Frequently Asked Questions

Student Teacher

This section provides some of the most frequently asked questions by student teachers, particularly around your placement. Students should visit the GTCS website for the most up to date information.

 

 

Q1. If students fail to meet the 55% attendance requirement due to having to self-isolate multiple times, would they have to delay their probation and resit the placement?

Q2. My university doesn’t fund transport for students when travelling to and from placement. What kind of support is available?

Q3. I work part-time to support myself and my hours clash with my placement. What should do?

Q4. Will our future employers view disruption to placements and university courses as a disadvantage?

Q5. Will support be offered if we need to teach online?

Q6. As a student teacher, can I choose to wear a mask at school? And what should I do if someone challenges my decision?

Q7. There’ve been issues with communication at my university. What can I do?

Q8. Students are struggling to get access to counselling. What can we do?

Q9. I live with a vulnerable person and I am due to start placement shortly and I am really concerned. What should I do?

Q10. It has been hard connecting with people and making friends are there any student networks I can join?

 

Q1. If students fail to meet the 55% attendance requirement due to having to self-isolate multiple times, would they have to delay their probation and resit the placement?

Disruption to placement should be raised with your university. Earlier this year, the GTCS and Council of Deans anticipated that there would be difficulties in the event of a second wave, including disruption to placements. There are other routes to placement. For example, you could extend your studentship to the next academic year or you could take the flexible route to probation.

 

Q2. My university doesn’t fund transport for students when travelling to and from placement. What kind of support is available?

Your university should have a hardship or discretionary fund available. Check your university website for more information or contact your student union for further information and support.  

 

Q3. I work part-time to support myself and my hours clash with my placement. What should do?

You're entitled to request flexible working from your employer, in line with your studies. More information on making a request for flexible working can be found on the ACAS website. If your request is unreasonably denied, then you may wish to raise a grievance.

If there are others in the workplace who are experiencing similar issues think about getting together and raising the issue collectively. Even if you are studying part-time, ensure you are in the right trade union which represents workers in your sector. As a student member you can be a member of the EIS and other trade unions.

 

Q4. Will our future employers view disruption to placements and university courses as a disadvantage?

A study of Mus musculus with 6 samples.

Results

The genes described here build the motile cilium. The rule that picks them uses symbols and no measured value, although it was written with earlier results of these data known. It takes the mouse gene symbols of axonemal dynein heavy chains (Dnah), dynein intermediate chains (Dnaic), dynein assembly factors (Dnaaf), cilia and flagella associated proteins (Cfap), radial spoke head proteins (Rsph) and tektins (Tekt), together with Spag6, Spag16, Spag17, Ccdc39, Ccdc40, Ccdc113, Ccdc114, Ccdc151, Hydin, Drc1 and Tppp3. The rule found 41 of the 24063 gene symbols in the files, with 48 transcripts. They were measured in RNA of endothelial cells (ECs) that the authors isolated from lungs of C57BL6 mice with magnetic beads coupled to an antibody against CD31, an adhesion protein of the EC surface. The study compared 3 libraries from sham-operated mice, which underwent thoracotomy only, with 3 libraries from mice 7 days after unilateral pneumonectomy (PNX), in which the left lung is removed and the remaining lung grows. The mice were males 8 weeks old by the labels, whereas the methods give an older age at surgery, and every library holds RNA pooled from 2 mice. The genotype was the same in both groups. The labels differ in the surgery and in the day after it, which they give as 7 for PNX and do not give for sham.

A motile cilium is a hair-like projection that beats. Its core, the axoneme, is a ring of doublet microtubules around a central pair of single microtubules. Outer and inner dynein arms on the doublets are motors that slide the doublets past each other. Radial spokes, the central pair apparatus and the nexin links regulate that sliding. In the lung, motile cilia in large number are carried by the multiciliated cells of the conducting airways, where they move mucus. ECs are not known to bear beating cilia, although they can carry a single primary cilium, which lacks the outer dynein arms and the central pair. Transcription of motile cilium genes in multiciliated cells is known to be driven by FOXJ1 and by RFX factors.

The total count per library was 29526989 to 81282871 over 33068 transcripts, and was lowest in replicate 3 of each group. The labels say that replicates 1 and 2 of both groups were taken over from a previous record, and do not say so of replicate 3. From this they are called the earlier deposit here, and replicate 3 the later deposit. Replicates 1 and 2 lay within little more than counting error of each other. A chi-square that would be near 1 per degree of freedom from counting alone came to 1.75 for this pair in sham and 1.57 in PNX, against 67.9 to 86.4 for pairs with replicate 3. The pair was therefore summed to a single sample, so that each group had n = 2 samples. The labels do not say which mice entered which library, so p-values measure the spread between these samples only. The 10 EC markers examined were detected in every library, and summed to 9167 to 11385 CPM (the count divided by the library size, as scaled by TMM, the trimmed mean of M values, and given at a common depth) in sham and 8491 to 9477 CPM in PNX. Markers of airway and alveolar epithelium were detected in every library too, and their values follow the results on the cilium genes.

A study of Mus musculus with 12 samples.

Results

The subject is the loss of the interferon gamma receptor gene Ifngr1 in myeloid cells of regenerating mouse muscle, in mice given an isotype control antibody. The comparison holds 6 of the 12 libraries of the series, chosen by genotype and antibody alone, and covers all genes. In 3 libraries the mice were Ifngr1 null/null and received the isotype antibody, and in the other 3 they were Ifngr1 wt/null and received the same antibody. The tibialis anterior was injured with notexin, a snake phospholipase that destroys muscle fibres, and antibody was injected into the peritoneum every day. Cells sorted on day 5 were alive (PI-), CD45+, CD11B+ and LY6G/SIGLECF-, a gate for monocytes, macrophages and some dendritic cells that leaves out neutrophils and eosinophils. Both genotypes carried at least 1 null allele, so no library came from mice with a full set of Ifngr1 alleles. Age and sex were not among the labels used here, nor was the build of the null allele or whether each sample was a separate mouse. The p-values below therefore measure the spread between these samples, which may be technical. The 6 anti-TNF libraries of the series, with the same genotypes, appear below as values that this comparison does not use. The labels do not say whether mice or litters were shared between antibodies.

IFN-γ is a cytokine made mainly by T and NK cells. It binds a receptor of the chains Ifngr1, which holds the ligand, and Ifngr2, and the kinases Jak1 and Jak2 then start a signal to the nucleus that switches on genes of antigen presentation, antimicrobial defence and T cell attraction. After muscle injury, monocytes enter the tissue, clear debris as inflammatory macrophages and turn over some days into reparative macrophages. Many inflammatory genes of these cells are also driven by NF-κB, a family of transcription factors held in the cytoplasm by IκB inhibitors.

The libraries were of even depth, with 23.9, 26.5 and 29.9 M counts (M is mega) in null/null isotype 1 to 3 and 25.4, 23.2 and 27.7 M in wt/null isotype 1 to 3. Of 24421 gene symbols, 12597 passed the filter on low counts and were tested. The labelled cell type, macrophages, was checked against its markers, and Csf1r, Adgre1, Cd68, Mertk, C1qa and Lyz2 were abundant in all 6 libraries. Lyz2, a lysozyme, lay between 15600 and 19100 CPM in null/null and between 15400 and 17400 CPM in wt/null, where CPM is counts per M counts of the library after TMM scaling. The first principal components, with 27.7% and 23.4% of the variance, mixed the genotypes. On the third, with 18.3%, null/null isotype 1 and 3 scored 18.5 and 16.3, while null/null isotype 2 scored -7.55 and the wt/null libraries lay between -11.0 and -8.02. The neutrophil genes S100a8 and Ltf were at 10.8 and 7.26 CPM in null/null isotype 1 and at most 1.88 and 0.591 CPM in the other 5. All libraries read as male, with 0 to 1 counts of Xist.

Employers are likely to be impressed that you’re completing your teacher training under such difficult circumstances. This year’s student teachers are showing great resilience, ingenuity, and commitment to the profession. You should highlight these as strengths in the recruitment process.

 

Q5. Will support be offered if we need to teach online?

The EIS have published guidance on blended and remote learning. Your university would also provide support with this transition.

 

Q6. As a student teacher, can I choose to wear a mask at school? And what should I do if someone challenges my decision?

The EIS and national government advice is that teachers should wear face masks if they wish. If somebody challenges you on this, then you should raise it with your school rep or your EIS Local Association Secretary immediately. 

 

Q7. There’ve been issues with communication at my university. What can I do?

You should raise this collectively with your course mates to your university and through your student association. You may also advise your course tutor of your personal concerns regarding the communications that you have received.

 

Q8. Students are struggling to get access to counselling. What can we do?

If you’re struggling with your mental health, then you should contact your GP and let your personal tutor know. Where a group of students are beginning to struggle with their mental health or if you believe the university can do more to support students then you should raise it collectively with  your university and through your student association.

 

Q9. I live with a vulnerable person and I am due to start placement shortly and I am really concerned. What should I do?

If you live with a vulnerable person then you should inform your course leader in the first instance to discuss your options and the mitigations available. School Risk Assessments should be in place and updated regularly. The main mitigations for the reduction of Covid-19 infection are 2m social distancing, face masks, ventilation, regular handwashing, and hygiene measures that should make schools controlled environments. 

 

Q10. It has been hard connecting with people and making friends are there any student networks I can join?

Many University clubs and societies have moved online, and you will find one for almost every interest, even for quizzes and socialising.  Check out your university Student Union Website or the NUS website for further information.